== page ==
Auto Portability is Like Bacon—It Makes Everything Better

By Spencer Williams | November 26, 2018

BaconWhen auto enrollment was widely adopted under the Pension Protection Act of 2006, it was a well-intentioned idea for helping Americans save more for retirement.

But in this case, what seemed like the perfect recipe for increasing retirement savings for hardworking Americans was missing a key ingredient.

Auto enrollment enabled sponsors to automatically sign up new employees to participate in their defined contribution plans. However, auto enrollment on its own doesn’t address the lack of seamless plan-to-plan asset portability in the U.S. retirement system. As a result, participation in defined contribution plans soared, but the high mobility of the modern American workforce led plan sponsors to experience a surge in small, stranded accounts.

Sponsors automatically enrolled new employees, but when the employees left, the time-consuming, complex, and expensive nature of retirement-savings portability from one plan to another caused many to choose the easiest option—simply leave their 401(k) accounts behind in their now-former employers’ plans. Others simply cashed out.

In August 2017, the Employee Benefit Research Institute (EBRI) announced that at year-end 2015, 41.3% of the plan participants in the EBRI/Investment Company Institute (ICI) 401(k) database had 401(k) account balances which were below $10,000. This was the database’s highest percentage of participants with under-$10,000 balances since year-end 2008.  

Also, the EBRI/ICI 401(k) database and the Department of Labor’s Private Pension database revealed that active-participant accounts with below $15,000 increased from 23.5 million in 2005 to 31.6 million in 2015—a 34.5% jump representing an increase, on average, of 735,841 small accounts per year during that decade.

The problem with auto enrollment was that it was missing something to end the friction in the retirement system which causes so many participants to avoid consolidating their retirement savings into accounts in their current-employer plans when they change jobs. Without an efficient, cost-effective way to transfer 401(k) account balances from plan to plan, participants are more likely to strand their accounts, or choose a much worse alternative—prematurely cash out their 401(k) savings.

Auto portability—the routine, standardized, and automated movement of a retirement plan participant’s 401(k) savings account from their former employer’s plan to an active account in their current employer’s plan—is designed to plug holes in the retirement system which undermine auto enrollment, enabling the latter to truly fulfill its purpose. EBRI estimates that the national adoption of auto portability would preserve up to $1.5 trillion, measured in today’s dollars, in the U.S. retirement system—the result of significant reductions in cash-outs, small accounts, and missing participants.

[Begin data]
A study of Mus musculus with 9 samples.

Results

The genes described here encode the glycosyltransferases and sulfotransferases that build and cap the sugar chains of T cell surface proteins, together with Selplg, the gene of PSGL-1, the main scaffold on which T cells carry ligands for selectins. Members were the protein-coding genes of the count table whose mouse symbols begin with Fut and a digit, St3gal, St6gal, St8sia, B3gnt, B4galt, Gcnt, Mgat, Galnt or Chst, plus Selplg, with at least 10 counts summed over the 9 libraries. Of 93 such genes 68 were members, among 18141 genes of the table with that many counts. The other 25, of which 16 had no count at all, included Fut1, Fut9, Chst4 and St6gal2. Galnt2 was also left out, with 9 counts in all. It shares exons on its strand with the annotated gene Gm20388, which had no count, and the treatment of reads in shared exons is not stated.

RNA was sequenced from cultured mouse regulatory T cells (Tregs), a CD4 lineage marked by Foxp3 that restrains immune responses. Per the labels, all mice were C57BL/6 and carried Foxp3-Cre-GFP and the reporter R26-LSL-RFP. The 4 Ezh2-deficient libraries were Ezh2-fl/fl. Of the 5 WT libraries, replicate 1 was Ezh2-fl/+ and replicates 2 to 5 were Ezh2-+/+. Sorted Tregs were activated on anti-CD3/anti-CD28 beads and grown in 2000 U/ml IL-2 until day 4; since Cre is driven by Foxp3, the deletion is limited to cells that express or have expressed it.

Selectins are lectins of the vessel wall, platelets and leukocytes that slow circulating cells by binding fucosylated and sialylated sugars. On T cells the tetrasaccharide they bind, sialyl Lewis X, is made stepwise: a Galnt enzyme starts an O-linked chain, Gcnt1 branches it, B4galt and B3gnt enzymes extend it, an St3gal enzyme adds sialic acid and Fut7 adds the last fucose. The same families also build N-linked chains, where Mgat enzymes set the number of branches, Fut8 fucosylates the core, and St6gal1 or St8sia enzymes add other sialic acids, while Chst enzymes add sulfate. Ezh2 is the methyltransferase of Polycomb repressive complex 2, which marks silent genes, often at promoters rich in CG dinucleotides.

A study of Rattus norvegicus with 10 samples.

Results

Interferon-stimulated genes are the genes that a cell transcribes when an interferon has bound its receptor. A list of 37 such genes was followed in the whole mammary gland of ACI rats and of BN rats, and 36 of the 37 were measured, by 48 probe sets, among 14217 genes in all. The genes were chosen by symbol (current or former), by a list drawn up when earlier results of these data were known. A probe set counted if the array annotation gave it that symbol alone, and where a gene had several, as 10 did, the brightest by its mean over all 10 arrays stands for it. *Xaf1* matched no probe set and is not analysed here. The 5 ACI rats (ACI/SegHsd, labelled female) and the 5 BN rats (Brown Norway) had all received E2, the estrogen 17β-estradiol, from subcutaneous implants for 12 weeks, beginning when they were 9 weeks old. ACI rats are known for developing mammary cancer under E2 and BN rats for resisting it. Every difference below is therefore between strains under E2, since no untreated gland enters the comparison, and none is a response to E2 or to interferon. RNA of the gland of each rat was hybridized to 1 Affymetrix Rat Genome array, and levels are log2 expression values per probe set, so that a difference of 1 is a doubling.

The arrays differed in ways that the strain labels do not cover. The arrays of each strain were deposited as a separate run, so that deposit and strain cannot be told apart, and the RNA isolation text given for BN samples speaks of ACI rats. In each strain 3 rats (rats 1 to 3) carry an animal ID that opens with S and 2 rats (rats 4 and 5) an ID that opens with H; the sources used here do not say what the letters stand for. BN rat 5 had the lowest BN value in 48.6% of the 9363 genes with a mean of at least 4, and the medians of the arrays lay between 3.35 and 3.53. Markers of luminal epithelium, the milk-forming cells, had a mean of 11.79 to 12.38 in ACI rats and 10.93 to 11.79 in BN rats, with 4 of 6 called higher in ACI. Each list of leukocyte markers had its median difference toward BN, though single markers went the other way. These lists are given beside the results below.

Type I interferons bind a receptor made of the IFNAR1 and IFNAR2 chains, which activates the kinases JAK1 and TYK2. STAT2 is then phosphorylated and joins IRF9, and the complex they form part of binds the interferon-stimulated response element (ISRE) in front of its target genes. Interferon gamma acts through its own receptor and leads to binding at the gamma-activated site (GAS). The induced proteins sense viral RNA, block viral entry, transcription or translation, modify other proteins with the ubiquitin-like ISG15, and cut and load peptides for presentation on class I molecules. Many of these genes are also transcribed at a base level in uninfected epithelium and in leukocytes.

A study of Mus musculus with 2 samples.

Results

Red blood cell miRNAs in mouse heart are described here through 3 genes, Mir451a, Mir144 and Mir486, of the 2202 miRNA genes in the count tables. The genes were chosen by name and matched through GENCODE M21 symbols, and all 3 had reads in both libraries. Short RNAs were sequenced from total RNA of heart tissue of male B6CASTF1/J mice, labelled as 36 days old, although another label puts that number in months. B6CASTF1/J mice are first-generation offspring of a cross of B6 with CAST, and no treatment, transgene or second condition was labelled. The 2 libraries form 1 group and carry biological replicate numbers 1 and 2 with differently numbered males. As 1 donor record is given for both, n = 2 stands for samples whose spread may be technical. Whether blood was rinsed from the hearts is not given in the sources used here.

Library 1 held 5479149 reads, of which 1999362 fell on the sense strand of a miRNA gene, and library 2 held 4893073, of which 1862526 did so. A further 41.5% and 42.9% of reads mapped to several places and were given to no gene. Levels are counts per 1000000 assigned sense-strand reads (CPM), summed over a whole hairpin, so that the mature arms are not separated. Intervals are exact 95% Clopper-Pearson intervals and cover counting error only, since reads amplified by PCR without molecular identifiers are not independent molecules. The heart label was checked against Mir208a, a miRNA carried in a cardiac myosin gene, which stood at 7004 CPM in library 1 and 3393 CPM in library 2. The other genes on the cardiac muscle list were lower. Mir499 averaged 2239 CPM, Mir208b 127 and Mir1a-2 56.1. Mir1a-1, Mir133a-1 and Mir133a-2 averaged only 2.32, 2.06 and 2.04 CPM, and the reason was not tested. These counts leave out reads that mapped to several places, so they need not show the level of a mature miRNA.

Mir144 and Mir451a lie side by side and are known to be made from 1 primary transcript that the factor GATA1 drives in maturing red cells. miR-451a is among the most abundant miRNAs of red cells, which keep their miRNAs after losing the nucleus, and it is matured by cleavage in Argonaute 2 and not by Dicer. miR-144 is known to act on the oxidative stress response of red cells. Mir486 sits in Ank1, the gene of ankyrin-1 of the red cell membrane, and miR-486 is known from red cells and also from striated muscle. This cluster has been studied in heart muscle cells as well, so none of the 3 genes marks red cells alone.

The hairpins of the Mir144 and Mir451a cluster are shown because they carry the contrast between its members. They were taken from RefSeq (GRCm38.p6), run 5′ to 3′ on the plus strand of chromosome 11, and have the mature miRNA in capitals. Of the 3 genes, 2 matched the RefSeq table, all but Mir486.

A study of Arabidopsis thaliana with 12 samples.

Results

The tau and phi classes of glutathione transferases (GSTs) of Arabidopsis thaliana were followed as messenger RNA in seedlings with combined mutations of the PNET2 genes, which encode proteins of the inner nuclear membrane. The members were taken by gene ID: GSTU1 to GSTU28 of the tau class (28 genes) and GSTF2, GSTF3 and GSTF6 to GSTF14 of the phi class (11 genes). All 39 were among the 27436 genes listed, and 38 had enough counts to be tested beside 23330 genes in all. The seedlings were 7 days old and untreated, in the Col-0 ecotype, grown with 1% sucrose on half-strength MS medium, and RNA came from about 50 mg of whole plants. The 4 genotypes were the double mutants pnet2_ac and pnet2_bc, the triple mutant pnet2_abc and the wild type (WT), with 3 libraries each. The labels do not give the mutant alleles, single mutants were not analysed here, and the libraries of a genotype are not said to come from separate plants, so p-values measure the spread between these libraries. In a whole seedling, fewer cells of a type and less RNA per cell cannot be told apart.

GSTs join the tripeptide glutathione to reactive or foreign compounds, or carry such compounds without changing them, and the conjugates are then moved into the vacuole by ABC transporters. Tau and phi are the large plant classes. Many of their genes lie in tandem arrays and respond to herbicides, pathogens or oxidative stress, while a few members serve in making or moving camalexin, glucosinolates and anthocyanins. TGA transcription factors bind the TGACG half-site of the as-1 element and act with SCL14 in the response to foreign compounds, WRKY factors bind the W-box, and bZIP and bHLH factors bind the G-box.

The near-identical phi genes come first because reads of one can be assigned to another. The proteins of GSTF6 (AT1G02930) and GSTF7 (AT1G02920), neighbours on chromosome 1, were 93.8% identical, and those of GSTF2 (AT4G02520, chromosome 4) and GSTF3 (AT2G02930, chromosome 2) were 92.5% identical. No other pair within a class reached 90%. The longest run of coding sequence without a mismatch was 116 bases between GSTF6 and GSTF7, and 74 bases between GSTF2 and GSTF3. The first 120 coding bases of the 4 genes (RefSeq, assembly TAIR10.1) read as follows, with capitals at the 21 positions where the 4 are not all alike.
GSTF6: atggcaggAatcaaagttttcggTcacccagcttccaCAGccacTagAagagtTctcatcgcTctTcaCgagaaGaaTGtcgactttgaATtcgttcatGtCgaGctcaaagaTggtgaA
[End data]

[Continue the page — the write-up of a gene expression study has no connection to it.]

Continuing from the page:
In other words, auto portability is like bacon—it’s the ingredient that makes auto enrollment, and the U.S. retirement system as a whole, better.

The Ingredients in Our Industry’s Bacon

Auto portability has been live for over a year. In July 2017, Retirement Clearinghouse completed, on behalf of a large plan sponsor in the health services industry, the very first fully automated, end-to-end transfer of retirement savings from a safe harbor IRA into a participant’s active 401(k) account. There are four components of auto portability, as implemented today:

  • An electronic-record “location” search to identify multiple accounts that could belong to the same participant.
  • A proprietary “match” algorithm to confirm that the accounts belong to the same individual.
  • Receipt of the participant’s affirmative consent, electronically or via a representative, to begin an automated roll-in transaction.
  • The implementation of the automated roll-in transaction once affirmative consent has been received.

A Boston Research Group case study on the results of the auto portability implementation shows that the impact of auto portability could be greater if it was made a default process, requiring an affirmative action to opt out of, rather than opt in, to the program. Fortunately, the Department of Labor (DOL) understands this, providing requested guidance on auto portability in the form of an Advisory Opinion and Prohibited Transaction Exemption that clarifies the plan sponsor’s fiduciary liability when adding auto portability as a default process—clearing the way for widespread adoption of auto portability. The issuance of the DOL’s guidance on auto portability is an important step in the ongoing bipartisan effort to enable the seamless plan-to-plan portability of retirement savings.

Auto portability can help millions of Americans save more for retirement, but the impact would be especially powerful for women and minorities. For example, industry research indicates that African-Americans, compared to the broader population, are 61.5% more likely to cash out their retirement savings—and African-American workers with less than $20,000 in household income are 134% more likely to do so.  

Much work remains to be done, but any solution for helping plan sponsors and participants improve retirement outcomes should include auto portability. Like bacon, it makes everything better for all parties in America’s retirement system.